Having a gay old time

Pride Week needs some spicing up.

By Luke Dumas

[img id=”77669″ align=”alignleft”] It is no secret on our campus that the U of C’s LGBTQ Programming Office, though led by a team of the city’s best and brightest gays, is perhaps the least gay programming office this side of the Mississippi. With a slew of weekly get-togethers boasting hard-hitting documentaries, notable speakers, and discussion about insistently “real” issues in the homosexual community—rather than, for instance, Susan Boyle, or the girl who was unjustly cut from Make Me a Supermodel last week—the department certainly lives up to the reputation of the university it represents. But where’s all the real gay stuff: The Liza Minnelli Discussion Club, the Celine Dion Karaoke Nights? They’re nowhere to be found, as it happens, because the epicenter of gay culture at the University of Chicago is much too lofty to acknowledge the traditional stereotypes. It is for exactly this reason that I, and a number of other members of the school’s gay community, have kept well away from the office’s stuffy (however well decorated) halls.

The imminent approach of Pride Week, sponsored by Queers & Associates, was my last gay hope. The itinerary billed events like the GenderFuck Drag Ball and a showing of the tranny classic Hedwig and the Angry Inch. But looking back, it appears that Pride Week was ultimately an awkward lesbian/gay guy hybrid. It was less a salute to homosexuality in all its forms than a thinly veiled attempt to maintain the University’s intellectual integrity at a time of obligatory indecorum, while also placating its small and somewhat ungainly transvestite population. The more “colorful” events, customarily the meat and potatoes of Pride Week, were far too few to serve as anything more than garnish: one drag ball, one pre-ball drag class, and a sex workshop “Sustainable Sex”, which had everything to do with the environment and absolutely nothing to do with homosexuality. I’m sure the eco-gays were thrilled, but what about the rest of us? What were we to do with a mural exhibition, a photo gallery, a discussion of gay legislation, and a reading of lesbian freak show Cherríe Moraga’s latest work? Whether or not events like these pique the interest of the student body, they have nothing to do with gay pride; observing a gay mural doesn’t say “I’m proud of my homosexuality” any more than observing Da Vinci’s The Last Supper says “I’m proud of my Christianity.” One cannot express pride by mere passive appreciation; it requires something active, something loud—something gay, if you will.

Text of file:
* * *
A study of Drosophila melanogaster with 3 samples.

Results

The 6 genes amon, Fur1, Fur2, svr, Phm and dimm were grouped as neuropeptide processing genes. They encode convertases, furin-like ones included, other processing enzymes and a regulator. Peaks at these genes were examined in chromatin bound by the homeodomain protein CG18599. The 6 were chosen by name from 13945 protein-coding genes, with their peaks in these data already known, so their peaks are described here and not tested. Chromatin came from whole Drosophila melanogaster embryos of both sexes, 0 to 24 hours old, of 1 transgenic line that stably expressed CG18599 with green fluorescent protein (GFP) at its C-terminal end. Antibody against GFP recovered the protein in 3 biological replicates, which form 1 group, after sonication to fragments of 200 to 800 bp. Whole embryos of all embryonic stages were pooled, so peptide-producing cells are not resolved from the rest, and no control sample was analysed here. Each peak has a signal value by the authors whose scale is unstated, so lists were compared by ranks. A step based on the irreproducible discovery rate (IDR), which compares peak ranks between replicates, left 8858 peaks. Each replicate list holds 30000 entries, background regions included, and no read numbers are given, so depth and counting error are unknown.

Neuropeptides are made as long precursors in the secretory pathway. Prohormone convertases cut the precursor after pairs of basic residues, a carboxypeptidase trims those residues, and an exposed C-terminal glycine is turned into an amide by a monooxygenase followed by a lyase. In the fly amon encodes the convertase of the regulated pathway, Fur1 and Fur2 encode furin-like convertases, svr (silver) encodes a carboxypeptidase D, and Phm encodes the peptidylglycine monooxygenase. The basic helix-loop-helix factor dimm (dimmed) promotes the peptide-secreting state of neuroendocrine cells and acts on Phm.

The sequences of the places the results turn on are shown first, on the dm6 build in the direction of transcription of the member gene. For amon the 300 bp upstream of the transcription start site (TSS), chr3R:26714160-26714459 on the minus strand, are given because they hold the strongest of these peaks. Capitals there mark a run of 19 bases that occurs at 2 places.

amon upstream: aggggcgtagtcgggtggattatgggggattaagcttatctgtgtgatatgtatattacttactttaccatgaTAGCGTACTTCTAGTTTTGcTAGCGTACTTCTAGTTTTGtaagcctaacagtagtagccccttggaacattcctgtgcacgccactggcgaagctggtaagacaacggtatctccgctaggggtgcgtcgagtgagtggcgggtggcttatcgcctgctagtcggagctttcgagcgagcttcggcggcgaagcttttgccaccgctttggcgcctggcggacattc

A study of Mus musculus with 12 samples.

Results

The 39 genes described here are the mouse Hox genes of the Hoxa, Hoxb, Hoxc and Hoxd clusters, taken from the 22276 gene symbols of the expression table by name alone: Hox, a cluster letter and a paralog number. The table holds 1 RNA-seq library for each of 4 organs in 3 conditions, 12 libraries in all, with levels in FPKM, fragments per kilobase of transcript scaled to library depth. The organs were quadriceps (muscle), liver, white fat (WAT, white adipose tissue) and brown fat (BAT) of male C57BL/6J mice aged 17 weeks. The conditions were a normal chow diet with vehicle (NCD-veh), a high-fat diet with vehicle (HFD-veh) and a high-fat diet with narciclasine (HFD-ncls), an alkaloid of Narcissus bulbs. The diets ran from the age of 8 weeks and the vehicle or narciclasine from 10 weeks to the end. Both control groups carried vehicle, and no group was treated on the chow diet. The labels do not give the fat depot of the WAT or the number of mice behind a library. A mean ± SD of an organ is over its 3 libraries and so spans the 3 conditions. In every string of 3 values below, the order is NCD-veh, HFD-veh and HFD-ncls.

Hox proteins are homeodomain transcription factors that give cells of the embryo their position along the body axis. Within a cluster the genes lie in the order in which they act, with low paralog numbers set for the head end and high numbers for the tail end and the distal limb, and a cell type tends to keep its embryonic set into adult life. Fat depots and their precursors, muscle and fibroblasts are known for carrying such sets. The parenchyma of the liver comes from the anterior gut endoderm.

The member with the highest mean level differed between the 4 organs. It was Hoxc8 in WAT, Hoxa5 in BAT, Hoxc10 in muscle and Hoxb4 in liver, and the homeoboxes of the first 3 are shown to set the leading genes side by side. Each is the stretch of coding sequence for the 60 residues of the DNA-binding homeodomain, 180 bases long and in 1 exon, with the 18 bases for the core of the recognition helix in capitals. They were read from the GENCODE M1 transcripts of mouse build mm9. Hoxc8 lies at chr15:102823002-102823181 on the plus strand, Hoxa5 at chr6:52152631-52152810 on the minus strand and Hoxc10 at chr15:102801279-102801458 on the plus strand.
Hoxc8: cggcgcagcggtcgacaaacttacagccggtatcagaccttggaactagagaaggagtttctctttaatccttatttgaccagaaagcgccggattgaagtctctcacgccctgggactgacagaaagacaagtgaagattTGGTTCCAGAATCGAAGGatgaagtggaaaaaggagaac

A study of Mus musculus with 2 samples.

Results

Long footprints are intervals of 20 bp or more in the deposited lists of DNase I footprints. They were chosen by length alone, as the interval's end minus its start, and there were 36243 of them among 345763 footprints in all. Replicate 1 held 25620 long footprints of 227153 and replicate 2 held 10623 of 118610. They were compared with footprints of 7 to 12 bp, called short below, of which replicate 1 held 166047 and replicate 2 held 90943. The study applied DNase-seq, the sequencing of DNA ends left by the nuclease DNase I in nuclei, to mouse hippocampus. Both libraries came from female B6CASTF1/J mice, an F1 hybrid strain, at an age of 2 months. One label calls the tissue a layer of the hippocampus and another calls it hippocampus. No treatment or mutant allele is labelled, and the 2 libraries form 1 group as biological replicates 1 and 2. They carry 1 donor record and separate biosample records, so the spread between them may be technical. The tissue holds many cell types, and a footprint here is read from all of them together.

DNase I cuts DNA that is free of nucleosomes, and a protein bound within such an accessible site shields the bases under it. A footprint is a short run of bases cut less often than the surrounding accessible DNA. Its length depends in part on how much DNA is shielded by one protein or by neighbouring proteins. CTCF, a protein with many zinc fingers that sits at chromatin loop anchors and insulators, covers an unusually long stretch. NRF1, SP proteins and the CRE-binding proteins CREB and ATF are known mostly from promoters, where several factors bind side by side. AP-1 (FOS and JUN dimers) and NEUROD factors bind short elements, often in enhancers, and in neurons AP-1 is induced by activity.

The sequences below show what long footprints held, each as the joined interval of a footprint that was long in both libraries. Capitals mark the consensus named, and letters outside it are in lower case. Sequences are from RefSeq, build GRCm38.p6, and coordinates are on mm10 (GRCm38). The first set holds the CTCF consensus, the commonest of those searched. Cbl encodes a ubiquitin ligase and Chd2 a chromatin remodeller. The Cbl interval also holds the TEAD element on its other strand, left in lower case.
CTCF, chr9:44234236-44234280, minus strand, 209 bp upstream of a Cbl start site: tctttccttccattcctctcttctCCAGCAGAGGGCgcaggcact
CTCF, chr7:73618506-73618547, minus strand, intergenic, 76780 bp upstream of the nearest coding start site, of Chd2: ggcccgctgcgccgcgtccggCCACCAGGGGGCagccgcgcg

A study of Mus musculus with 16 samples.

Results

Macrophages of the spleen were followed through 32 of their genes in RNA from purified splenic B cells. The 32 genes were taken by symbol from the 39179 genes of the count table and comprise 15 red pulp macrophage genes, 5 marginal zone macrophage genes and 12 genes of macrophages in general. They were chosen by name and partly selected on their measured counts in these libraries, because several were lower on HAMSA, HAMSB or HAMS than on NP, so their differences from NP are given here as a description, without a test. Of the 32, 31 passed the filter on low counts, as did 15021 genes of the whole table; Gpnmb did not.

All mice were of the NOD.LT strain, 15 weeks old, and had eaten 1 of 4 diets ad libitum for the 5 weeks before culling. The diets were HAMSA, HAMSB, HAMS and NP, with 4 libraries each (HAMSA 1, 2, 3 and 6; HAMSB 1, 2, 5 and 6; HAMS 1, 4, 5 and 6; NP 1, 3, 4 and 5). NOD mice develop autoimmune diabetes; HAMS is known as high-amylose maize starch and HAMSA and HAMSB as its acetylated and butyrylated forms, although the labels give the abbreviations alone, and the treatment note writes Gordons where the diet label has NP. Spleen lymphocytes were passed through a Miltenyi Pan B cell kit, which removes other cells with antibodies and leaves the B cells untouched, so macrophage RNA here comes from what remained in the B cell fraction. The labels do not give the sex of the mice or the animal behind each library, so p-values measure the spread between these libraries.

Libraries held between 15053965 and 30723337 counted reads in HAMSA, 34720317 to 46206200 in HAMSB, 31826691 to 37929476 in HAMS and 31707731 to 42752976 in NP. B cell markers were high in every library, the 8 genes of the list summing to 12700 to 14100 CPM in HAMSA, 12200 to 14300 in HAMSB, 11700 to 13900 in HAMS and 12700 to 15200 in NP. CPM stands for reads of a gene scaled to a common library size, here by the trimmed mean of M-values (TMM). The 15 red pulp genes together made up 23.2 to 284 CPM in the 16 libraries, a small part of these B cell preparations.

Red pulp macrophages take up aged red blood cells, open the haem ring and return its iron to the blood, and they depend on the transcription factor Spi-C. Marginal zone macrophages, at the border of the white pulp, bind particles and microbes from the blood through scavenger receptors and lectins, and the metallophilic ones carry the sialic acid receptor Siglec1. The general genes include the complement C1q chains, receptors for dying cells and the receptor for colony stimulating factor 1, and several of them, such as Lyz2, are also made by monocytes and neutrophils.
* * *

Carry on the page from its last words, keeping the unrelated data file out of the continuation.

While there’s no harm in providing the University with thoughtful, sophisticated cultural activities—quite the opposite, in fact—there is great harm in allowing that sophistication to smother the culture itself. Pride Week failed to uphold the irreverent principles of the minority it represents.

Luke Dumas is a first-year in the College majoring in English Language and Literature.